Sudden chest pain isn’t something you’re likely to ignore. This symptom—along with breathlessness, cold sweats and other classic heart attack symptoms—is a clear sign that you need to call 911.

While a possible heart attack is scary enough, the reality actually could be even worse. With sudden cardiac arrest (SCA), brain damage is almost certain unless you are treated within just a few minutes. And unlike a heart attack, which many people survive, SCA is almost always fatal. But what if that grim picture could be improved?

A chance of survival: Research suggests that paying close attention to early signs that may precede SCA—as well as being prepared in your home, where this killer condition most often strikes—could mean the difference between life and death.

What you need to know…


A heart attack occurs when a blood clot interrupts blood flow to a section of the heart. In contrast, with SCA, an electrical malfunction in the heart triggers a dangerous abnormality in the heart rhythm (arrhythmia) that disrupts blood flow to the brain and other organs.

Only about 10% of people who suffer SCA live long enough to get to a hospital. Most—such as newsman Tim Russert who succumbed to SCA in 2008—collapse and then die within minutes.


About 356,000 Americans (not including hospitalized patients) suffer SCA each year. If your doctor has warned you about elevated cholesterol, high blood pressure or other cardiovascular risk factors, you know that you could be setting yourself up for a heart attack. But the same conditions also mean that you’re at risk for SCA.

For certain other people, SCA is truly a stealth killer. It sometimes occurs in those who have “silent” (often congenital) cardiovascular disease. Abusing drugs or alcohol also increases risk for SCA.


When someone suffers cardiac arrest, the only symptoms that occur simultaneously tend to be sudden collapse and a loss of consciousness. The victim also will have stopped breathing and won’t have a detectable pulse.

What’s new: Many individuals do have advance warning of SCA—even if they choose to ignore it.

In fact, when researchers recently looked into this, they found that 53% of SCA patients had prior -symptoms, including chest pain, shortness of breath, heart palpitations and/or fainting. The symptoms—identical to those that often accompany heart attacks—occurred anywhere from one hour to four weeks before the SCA. Since SCA is so closely tied to heart disease, it makes sense that many victims will have heart disease symptoms before they suffer from SCA. If you have any of these symptoms, consult a doctor!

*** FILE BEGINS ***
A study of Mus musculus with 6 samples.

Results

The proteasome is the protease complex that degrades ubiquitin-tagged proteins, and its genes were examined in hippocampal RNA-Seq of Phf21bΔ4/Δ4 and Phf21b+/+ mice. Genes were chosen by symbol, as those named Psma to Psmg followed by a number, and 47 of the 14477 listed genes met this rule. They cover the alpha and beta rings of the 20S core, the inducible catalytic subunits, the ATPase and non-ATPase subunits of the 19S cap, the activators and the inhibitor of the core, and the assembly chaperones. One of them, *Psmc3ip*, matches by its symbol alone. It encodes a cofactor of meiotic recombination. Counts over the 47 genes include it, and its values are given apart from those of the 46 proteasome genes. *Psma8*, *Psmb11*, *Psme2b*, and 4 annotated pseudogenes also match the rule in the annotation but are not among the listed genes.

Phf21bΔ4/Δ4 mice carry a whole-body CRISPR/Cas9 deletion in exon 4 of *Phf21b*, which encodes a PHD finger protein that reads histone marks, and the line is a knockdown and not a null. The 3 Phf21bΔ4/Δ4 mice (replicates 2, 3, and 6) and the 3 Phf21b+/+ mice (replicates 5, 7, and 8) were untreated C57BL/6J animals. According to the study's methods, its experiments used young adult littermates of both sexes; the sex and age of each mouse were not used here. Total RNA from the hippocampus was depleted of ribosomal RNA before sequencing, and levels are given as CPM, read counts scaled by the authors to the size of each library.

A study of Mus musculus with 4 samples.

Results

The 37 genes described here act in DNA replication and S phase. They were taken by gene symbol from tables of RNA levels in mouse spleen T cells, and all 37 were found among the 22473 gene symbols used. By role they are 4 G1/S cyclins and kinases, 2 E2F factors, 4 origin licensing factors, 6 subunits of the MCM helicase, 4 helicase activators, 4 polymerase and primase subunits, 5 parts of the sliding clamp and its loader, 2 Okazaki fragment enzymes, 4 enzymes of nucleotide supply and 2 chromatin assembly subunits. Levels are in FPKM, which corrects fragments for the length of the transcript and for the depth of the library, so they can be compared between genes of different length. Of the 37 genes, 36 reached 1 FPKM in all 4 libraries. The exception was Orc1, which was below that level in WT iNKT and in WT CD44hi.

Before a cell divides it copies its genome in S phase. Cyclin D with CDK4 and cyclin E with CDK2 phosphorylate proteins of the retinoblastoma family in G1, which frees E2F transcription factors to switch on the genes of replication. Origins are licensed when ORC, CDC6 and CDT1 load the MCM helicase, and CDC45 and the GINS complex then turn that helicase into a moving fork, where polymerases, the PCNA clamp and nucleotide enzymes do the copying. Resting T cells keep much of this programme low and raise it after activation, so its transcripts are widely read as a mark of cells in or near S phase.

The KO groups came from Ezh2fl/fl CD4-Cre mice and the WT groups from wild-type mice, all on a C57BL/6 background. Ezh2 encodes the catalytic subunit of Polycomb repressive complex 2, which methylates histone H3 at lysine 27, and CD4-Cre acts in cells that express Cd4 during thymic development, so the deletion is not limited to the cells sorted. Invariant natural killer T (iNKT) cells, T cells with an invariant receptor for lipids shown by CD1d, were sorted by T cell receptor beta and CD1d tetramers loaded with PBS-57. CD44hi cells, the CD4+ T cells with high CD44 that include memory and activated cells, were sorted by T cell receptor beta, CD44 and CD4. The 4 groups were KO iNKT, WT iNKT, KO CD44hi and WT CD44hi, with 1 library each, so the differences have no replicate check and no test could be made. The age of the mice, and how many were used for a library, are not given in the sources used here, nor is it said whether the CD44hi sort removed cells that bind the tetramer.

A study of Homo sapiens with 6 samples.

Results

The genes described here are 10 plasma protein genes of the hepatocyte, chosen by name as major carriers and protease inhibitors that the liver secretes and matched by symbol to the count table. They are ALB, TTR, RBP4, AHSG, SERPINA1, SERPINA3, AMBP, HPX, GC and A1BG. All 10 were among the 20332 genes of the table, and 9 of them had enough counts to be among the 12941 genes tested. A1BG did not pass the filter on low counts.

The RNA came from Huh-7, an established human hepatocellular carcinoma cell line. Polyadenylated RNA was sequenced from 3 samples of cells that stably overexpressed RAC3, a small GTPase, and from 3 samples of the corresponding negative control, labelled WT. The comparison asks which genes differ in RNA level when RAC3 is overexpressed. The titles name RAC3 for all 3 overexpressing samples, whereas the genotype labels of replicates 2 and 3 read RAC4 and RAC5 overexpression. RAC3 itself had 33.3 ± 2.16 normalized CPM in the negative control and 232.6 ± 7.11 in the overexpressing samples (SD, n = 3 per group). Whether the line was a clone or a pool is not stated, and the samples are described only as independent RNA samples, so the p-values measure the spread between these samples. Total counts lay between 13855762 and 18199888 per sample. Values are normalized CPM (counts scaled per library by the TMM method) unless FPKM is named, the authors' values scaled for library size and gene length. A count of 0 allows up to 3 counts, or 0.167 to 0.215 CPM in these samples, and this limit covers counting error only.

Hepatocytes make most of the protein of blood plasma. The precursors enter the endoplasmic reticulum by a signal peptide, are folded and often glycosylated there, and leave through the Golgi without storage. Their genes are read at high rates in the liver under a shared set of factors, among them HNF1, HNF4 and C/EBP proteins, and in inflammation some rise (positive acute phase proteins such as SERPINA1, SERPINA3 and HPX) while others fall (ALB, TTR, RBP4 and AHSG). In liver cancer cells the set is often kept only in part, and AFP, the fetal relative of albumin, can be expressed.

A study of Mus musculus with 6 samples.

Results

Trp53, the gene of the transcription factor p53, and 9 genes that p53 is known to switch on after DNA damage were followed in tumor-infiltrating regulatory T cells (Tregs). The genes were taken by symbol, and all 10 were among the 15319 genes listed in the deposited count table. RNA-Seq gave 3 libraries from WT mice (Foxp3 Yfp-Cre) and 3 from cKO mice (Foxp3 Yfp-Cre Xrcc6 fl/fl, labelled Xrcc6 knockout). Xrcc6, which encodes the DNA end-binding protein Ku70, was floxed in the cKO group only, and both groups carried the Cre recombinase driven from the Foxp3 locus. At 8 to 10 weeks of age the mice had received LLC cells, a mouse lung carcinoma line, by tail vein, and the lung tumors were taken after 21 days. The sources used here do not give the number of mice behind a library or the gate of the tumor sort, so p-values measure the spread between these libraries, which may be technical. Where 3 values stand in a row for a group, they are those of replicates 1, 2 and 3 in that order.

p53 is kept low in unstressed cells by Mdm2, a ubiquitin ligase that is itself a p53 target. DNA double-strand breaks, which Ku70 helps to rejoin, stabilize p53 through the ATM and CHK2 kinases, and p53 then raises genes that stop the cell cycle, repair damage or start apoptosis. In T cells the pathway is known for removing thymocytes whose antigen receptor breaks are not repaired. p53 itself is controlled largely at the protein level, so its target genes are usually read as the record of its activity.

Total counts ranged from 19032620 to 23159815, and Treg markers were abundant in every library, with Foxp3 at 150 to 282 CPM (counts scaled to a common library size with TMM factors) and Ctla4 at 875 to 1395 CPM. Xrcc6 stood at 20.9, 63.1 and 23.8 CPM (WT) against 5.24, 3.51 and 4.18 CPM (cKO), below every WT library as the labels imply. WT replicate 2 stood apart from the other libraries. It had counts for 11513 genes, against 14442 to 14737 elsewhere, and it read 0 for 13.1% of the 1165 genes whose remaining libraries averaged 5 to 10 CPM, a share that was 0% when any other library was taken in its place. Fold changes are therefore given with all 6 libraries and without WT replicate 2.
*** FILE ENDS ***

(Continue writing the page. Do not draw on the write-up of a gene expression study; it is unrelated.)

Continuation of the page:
Most of the same approaches that will protect you from a heart attack—such as maintaining a healthy weight and not smoking—will help you avoid SCA. Also useful for people concerned about SCA…

    • Consider buying an automated external defibrillator (AED). It can triple the likelihood of survival when used within the first minute or two of SCA. An AED is about the size of a laptop computer. The cost ranges from $1,200 to $2,500 but might be covered by insurance or Medicare if you have a high-risk arrhythmia or another heart condition. The device is easy to operate. Once it’s turned on, a voice and screen explain where to attach the electrodes and when to push the buttons.

Be sure to act quickly: If someone collapses, use the device immediately. It won’t prompt you to deliver a shock unless the person is experiencing SCA. For each one-minute delay, the chance of survival from SCA drops about 10%.

Important: I advise everyone who has heart disease or heart disease risk factors to talk to his/her doctor about owning one of these devices (or sharing one with close neighbors)—and to watch an online video or take an in-person class on how to use it. AEDs are available online.

  • Chest compressions. Even if an AED is available, give chest compressions until it is ready to be placed on the victim’s chest. If the heartbeat hasn’t started after following AED voice prompts, do chest compressions for two minutes and use the AED again. Or if there’s no AED, do chest compressions alone. Don’t waste time checking for a pulse or giving mouth-to-mouth breathing—it’s the chest compressions that are needed to restart the victim’s heart. If someone collapses and is unresponsive and you suspect it’s SCA, call 911 first. Then give the compressions, and don’t stop (it’s hard work, so you may need help from a bystander) until the emergency medical service arrives.

How to do compressions: Put the heel of one hand on the center of the chest (between the nipples)…place the heel of your other hand on top of the first hand for strength…position your body over your hands…and press hard about two inches into the chest. Try to give at least 100 compressions per minute (almost two per second).

For a hands-only CPR video: Go to For more detailed instruction, sign up for in-person training at your local hospital or fire department.


If you suffer SCA in the hospital (or if you get to an ER in time), you’ll be given treatments to restart the heart and re-establish heart, brain and lung functions.

Induced hypothermia , a promising therapy to reduce the damage from SCA, is available at many hospitals. This therapy involves rapid cooling of the body to about 89°F for about 24 hours. Cooling the body as soon as the heart has been restarted lowers the metabolic requirements of the brain and reduces the risk for long-term neurological problems, such as coma.

People who survive SCA may need additional treatments to prevent a second cardiac arrest.

Examples: Some are given an implantable cardioverter defibrillator (ICD), a surgically implanted device that analyzes the heartbeat and administers shocks to treat ventricular fibrillation. Another approach, radio-frequency ablation, uses radio-frequency energy to destroy abnormal heart cells that can cause irregular rhythms.